A new ransomware campaign has been targeting transportation and logistics organizations in Ukraine and Poland, according to Microsoft.
The novel ransomware, labeled "Prestige ransomware," was first identified October 11 and targeted numerous victims within the same one-hour window, according to Microsoft's Threat Intelligence Center.
Researchers were not able to tie the strain to any of the 94 active ransomware groups they are currently tracking. The victim profiles share similarity to recent Russian state-aligned activity and overlap with previous victims of HermeticWiper malware, but researchers noted that the campaign is separate from those destructive attacks, which have been targeting Ukrainian organizations since before the Russian invasion began in February. Russia is also one of the global epicenters of ransomware, where many of the top criminal hacking groups are based and maintain an ambiguous and symbiotic relationship with the Kremlin and intelligence agencies.
Microsoft is continuing its investigation and is temporarily tracking the campaign as DEV-0960. The company is also working to notify affected users who have not yet paid a ransom.
Researchers noted that the campaign used three different methods to deploy the payloads across the victims’ network, which is uncommon for ransomware attacks.
“Most ransomware operators develop a preferred set of tradecrafts for their payload deployment and execution, and this tradecraft tends to be consistent across victims, unless a security configuration prevents their preferred method,” MSTIC explained. “For this DEV-0960 activity, the methods used to deploy the ransomware varied across the victim environments, but it does not appear to be due to security configurations preventing the attacker from using the same techniques.”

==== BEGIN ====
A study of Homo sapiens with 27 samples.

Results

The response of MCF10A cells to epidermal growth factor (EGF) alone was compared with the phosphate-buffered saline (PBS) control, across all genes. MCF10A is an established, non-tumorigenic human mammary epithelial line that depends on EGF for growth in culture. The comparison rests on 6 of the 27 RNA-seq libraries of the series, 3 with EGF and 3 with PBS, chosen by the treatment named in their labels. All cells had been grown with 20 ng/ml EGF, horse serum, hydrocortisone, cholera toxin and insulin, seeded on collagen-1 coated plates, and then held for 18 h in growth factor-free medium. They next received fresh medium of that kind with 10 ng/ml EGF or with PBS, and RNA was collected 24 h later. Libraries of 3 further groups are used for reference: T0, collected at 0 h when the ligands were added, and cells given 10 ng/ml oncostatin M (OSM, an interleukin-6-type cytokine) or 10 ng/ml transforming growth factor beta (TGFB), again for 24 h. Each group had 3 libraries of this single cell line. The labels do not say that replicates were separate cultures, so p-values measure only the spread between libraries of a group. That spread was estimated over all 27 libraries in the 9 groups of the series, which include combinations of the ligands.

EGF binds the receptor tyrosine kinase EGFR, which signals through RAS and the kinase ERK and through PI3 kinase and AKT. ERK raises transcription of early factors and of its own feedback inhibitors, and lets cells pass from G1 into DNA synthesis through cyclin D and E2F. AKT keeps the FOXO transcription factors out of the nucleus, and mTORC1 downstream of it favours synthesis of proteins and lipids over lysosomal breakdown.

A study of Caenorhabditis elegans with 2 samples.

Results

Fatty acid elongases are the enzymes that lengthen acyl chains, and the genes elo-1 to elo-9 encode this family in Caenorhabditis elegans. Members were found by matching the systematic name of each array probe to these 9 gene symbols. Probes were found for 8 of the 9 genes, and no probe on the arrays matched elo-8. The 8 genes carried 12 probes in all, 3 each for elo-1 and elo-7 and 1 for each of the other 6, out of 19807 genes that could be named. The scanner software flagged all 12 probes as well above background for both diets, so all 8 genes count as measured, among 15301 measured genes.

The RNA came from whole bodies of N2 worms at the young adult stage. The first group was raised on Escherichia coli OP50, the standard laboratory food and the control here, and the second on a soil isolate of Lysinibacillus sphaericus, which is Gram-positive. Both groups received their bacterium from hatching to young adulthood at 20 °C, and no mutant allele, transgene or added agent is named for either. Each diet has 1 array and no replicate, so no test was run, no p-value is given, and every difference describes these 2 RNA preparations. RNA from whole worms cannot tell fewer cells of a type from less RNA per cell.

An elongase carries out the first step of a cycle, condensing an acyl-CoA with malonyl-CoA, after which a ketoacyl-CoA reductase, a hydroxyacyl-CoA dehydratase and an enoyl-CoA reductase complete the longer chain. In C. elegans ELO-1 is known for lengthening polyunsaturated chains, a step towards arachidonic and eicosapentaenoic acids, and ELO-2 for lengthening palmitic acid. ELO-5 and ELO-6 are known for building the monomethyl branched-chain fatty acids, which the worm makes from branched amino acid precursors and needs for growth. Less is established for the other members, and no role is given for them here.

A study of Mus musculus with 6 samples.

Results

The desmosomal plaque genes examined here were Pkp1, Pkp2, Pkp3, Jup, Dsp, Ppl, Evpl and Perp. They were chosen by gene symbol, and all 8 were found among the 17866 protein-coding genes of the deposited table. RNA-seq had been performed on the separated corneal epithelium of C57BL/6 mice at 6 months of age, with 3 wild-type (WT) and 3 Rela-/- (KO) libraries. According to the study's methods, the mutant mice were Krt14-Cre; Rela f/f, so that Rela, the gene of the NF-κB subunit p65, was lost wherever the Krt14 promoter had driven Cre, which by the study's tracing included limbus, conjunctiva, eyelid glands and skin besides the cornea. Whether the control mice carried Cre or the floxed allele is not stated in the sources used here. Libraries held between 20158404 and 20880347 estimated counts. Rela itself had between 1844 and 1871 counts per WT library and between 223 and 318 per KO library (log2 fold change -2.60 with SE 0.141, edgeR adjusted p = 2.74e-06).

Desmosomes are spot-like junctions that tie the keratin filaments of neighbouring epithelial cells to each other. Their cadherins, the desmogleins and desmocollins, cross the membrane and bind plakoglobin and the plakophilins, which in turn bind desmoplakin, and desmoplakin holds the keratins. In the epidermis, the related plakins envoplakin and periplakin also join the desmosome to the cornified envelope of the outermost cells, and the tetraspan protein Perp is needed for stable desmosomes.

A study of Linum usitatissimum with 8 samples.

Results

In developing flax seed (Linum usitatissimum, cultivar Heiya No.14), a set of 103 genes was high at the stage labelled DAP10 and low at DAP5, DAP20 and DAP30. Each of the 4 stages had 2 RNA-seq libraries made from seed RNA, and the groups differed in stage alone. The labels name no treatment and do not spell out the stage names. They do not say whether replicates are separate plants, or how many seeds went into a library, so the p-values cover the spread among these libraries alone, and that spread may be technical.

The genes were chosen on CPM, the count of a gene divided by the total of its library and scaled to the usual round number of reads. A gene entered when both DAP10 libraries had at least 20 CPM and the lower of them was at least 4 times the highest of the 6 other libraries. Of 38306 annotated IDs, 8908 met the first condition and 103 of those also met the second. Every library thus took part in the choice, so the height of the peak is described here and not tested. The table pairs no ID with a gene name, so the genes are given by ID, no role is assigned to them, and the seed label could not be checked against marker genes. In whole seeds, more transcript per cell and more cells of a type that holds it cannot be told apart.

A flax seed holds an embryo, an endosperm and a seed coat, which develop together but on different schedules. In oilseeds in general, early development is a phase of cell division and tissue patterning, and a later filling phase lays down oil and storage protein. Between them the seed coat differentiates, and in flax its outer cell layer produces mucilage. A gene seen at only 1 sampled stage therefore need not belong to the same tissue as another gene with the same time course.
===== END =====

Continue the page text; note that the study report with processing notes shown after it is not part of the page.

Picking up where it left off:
In one method, the ransomware payload is copied to the ADMIN$ share of a remote system, and an Impacket is used to remotely create a Windows Scheduled Task on target systems to execute the payload.
In another, the payload is copied to the ADMIN$ share of a remote system, and Impacket is used to remotely invoke an encoded PowerShell command on target systems.
Researchers also found cases where the ransomware payload is copied to an Active Directory Domain Controller and deployed to systems through the Default Domain Group Policy Object.
In response to the complexity of the threat actors, Microsoft recommended several actions to help organizations defend against potential attacks.
The mitigation advice includes blocking process creations that originate from PSExec and WMI commands to stop lateral movement, enabling Taper protection to prevent attacks from stopping or interfering with Microsoft Defender, turning on cloud-delivered protection in Microsoft Defender Antivirus, and enabling multi-factor authentication to enforce any remote connectivity.
“Targeting countries that are assisting Ukraine is a possible next step for Russian cyber actors and represents an escalation of the conflict in this sphere. Neighboring countries are the most likely to be affected," Dick O'Brien, principle intelligent analyst at Symantec's Threat Hunter Team, told SC Media in an email.